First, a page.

What can the Government do to hit housing targets?

What can the Government do to hit housing targets?

The UK needs more houses. That’s been the case for a while now, but still demand massively outstrips supply.

This puts upward pressure on house prices, meaning that buying a home is kept out of reach for many.

This, in turn, places extra pressure on the Private Rented Sector, with more people than ever renting.

Schemes such as Help to Buy, shared ownership homes and Build to Rent only help up to a point, but they aren’t going to solve the problem on their own. Not even close.

The Government has made a big deal out of affordable housing since being elected last May, and there are signs that first-time buyers are starting to find it easier to get a foot on the property ladder.

The Help to Buy ISA has helped in this regard, as has the additional stamp duty surcharge on buy-to-let investments and second homes. By making buy-to-let less attractive as an investment, over the next few months more stock is likely to be freed up for first-time buyers to snap up.

Measures such as the Lifetime ISA, which comes into force in April 2017, will also make it easier for people to save for a deposit.

Equally, the announcement of the return of the 100% mortgage – courtesy of Barclays – has given further hope to first-time buyers (although this still relies on a big helping hand from the Bank of Mum and Dad).

The Government has a target of building 1 million new homes by 2020, with many of these shared ownership properties or Starter Homes.

This means 250,000 homes are required each year. In 2015, just 136,000 homes were built in England. This, and the Government’s record on housebuilding since 2010, is understandably making some sceptical about the 1 million target being met.

In the recent Queen’s Speech the government outlined a number of plans to speed up the housebuilding process.

This included a pledge to streamline pre-commencement planning conditions to help accelerate housing developments, as well as giving local communities more say over neighbourhood planning and changes to ensure compulsory planning orders are “clearer, fairer and faster”.

And now a new report, published on Friday 20 May by the Centre for Policy Studies, has put forward how the Government – if it 'strikes now' – will be able to build the number of homes it has promised.

Keith Boyfield and Daniel Greenberg, authors of A Convergence of Interests, argue that all the pre-conditions are in place to make a fast rise in housebuilding feasible.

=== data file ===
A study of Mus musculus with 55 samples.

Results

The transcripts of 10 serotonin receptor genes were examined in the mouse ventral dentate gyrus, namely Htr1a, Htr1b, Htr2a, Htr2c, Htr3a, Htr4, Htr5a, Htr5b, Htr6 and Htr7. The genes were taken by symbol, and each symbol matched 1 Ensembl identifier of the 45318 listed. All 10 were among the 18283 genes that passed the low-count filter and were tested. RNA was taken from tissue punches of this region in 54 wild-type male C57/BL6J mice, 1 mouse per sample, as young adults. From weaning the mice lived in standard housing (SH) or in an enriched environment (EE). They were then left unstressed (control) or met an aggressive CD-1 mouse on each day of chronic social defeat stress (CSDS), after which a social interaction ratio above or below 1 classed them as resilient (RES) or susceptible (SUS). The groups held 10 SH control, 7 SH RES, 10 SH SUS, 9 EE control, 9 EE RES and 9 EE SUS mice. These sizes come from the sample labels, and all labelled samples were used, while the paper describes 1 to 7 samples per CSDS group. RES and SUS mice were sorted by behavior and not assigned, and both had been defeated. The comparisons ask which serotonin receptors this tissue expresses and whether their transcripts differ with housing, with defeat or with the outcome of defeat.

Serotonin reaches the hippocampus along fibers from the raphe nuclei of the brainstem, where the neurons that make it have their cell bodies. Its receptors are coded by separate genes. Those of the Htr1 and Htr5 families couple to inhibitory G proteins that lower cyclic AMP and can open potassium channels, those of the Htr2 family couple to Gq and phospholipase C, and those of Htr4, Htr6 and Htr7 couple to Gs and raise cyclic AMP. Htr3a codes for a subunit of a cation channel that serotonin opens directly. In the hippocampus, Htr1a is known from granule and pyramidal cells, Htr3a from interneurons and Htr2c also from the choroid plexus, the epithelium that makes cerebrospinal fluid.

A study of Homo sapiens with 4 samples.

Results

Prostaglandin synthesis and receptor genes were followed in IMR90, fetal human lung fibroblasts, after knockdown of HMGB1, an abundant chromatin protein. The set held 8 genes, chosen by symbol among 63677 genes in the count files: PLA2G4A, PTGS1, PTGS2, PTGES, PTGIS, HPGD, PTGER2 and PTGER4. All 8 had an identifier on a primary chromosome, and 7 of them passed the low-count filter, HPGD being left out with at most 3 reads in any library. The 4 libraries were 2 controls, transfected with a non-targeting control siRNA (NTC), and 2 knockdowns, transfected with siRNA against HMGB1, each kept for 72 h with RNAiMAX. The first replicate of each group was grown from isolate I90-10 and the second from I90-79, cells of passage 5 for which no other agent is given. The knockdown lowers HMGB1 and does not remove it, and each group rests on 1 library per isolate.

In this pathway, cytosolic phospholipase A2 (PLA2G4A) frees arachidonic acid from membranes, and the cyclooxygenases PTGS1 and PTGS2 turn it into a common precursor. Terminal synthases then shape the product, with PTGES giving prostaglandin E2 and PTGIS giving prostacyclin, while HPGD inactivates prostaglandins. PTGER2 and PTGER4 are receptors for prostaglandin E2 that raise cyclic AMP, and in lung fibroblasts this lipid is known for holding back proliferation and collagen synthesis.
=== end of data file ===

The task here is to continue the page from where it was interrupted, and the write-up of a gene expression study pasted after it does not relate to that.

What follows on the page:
They argue that Sadiq Khan, recently voted in as the new Mayor of London, stands in a unique position at the start of his mayoralty to deliver the new homes that the capital is desperately crying out for. Surplus public sector land could provide at least 130,000 new homes on its own, the report suggests.

Boyfield and Greenberg have outlined a number of reasons why the barriers to housebuilding in the UK are no longer as strong as they once were.

For example, nimbyism – usually characterised as opposition to new developments by local residents – would appear to be in rapid decline as more and more people appreciate the need for additional housing.

They also argue that institutional capital is gradually becoming more and more interested in housing developments and infrastructure projects.

Furthermore, many local authorities already have major new developments in the pipeline, while those who don’t will be encouraged to do so “through the Government’s requirement to identify a target figure for new homes in their Local Plans”.

Boyfield and Greenberg have called on the Government to exploit these opportunities with one simple and innovative policy: Pink Zones.

They are known as Pink Zones because, instead of the current planning system which is so often bogged down in red tape and regulation, the pink option provides a more diluted regulatory system, making it easier to push developments through and get homes built.

According to the report, Pink Zones would: provide a streamlined planning system for the construction of vibrant, attractive and prosperous new residential developments underpinned by social and physical infrastructure; work from the bottom up – not the top down – bringing together local residents, developers and councils to achieve consensus over new development and accelerate the development process; and increase competition, bypassing many current planning regulations and improving design standards.

The US has already successfully introduced Pink Zones, in cities like Phoenix, Arizona, and the authors of the report believe the UK should implement them as well.

They admit that this would mean re-designating the greenbelt and building on some areas that are currently classified under this umbrella.

As long as this is handled sensitively, though, Boyfield and Greenberg can see little issue, especially since the amount of land designated as part of the greenbelt has more than doubled since 1979 (some of which can barely be counted as “green”).

“Ultimately Pink Zones would create more and better homes for people throughout the country and tackle the poverty of aspiration which typifies much residential construction in this country,” Boyfield said.

“Our Pink Planning proposals create a mechanism whereby a convergence of interests can be taken forward. By encouraging Special Purpose Vehicles to emerge, Pink Planning, with its streamlined planning framework and a single consenting regime, can bring together all the relevant parties to create new developments that are finely tuned to the needs of individual communities.”

With the difficulty the Government is currently having with hitting its housebuilding targets, it would be a wise move for them to at least consider such a report. It could make all the difference.